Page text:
Most health professionals think of trusts as a device for reducing income tax. A recent Family Court matter demonstrates the role of trusts and the value of careful planning in relation to preserving family assets from generation to generation.
In Bernard & Bernard  the Family Court had to decide whether assets worth about $3.5 million were excluded from the “pool” of available assets for splitting between the husband and wife.
The facts are summarised as follows:
- the father of the husband made a Will that, upon his death, created two “testamentary trusts”. The husband was a potential beneficiary of one of the trusts, but he was not the trustee of this trust. Similarly, he was trustee of another testamentary trust of which his sister was a potential beneficiary, but he was not
- upon the breakdown of the relationship between the husband and wife, the wife (unsuccessfully) argued that the $3.5 million to which the husband was a potential beneficiary should be available for splitting with her, ie part of the matrimonial asset pool
- these two testamentary trusts effectively “mirrored” each other
The Family Court declared that the $3.5 million of trust assets (that his sister was trustee) were not matrimonial property and no share would be available to the wife because:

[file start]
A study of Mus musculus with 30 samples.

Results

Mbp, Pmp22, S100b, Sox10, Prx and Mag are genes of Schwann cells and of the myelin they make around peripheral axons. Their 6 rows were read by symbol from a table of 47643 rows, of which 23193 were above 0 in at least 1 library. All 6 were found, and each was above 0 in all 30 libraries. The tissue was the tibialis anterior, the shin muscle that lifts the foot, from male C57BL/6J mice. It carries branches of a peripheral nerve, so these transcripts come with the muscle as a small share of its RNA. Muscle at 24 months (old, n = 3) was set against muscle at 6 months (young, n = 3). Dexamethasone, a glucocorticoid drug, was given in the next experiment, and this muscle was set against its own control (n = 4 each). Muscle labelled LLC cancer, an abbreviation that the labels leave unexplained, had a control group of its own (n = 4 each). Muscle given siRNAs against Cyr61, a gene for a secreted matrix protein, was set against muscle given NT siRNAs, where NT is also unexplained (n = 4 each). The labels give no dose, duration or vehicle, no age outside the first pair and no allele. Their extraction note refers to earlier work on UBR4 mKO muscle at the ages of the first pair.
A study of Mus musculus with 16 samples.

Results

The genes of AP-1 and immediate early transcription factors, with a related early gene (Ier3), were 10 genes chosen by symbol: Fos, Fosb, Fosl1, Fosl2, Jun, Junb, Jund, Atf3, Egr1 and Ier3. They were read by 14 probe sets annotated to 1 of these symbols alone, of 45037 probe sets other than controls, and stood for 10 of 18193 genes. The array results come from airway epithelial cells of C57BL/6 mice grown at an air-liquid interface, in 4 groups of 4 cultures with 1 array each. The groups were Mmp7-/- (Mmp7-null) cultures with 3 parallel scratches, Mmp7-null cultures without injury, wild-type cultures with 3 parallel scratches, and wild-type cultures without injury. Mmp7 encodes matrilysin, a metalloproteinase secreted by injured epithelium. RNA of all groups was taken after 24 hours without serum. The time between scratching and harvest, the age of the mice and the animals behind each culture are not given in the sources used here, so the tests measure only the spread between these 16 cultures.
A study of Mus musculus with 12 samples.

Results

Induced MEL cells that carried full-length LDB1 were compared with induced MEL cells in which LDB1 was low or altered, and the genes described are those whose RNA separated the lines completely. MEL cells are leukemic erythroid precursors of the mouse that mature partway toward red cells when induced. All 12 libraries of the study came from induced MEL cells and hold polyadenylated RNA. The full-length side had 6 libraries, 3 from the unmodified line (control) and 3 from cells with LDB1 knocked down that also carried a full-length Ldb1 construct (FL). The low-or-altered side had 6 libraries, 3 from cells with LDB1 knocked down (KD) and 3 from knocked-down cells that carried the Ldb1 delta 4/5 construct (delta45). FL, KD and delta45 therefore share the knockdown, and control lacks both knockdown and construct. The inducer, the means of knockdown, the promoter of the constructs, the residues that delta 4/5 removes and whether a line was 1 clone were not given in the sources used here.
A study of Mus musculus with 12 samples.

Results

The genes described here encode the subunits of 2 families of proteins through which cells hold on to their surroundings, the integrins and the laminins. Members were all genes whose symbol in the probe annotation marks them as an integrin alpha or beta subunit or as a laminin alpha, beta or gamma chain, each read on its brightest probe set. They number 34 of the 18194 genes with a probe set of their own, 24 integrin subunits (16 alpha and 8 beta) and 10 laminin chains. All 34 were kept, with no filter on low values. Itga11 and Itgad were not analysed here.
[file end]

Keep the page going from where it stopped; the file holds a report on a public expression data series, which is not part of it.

- the husband’s sister was the trustee and had discretion in determining who received the distributions, eg the wife and the children of the relationship were potential beneficiaries as well
- the husband had no definite and guaranteed entitlement to the income or capital of the trust. That is, the trust did not give him title in any of the assets of the trust
Although none of the assets of the trust were available to the wife as
part of a property settlement, the Court did find that the trust was a
financial resource. This meant that
there could have been some impact (presumably on earnings from the trust) on
the determination of child support and spousal maintenance.
This case shows how important good legal and accounting advice can be in protecting family assets from one generation “leaking” to potentially non-family members. The possibilities for estate planning can be expanded if we consider that:
- the creation of a testamentary trust as part of preparing a Will can be a relatively simple matter
- the asset of each testamentary trust could be something like:
– a part-interest in a property, eg the parent’s family home, investment property or farm
– an investment portfolio
– the proceeds of insurance or superannuation if they can be transferred to the Will-maker prior to death
If you or your parents wish to investigate the degree of asset protection in the possibility of future relationship breakdowns, or other adverse events, then you should seriously consider (and get good legal advice!) about the use of a Will that adopts testamentary trusts.
Bernard Hoey is a partner in Burswood Partners, an accounting practice that has a strong focus on creating opportunities and solving problems for health professionals.
If you would like an obligation and cost-free meeting, or a chat and a coffee, please call Bernard on (08) 9472 4944 or 0419 045 908.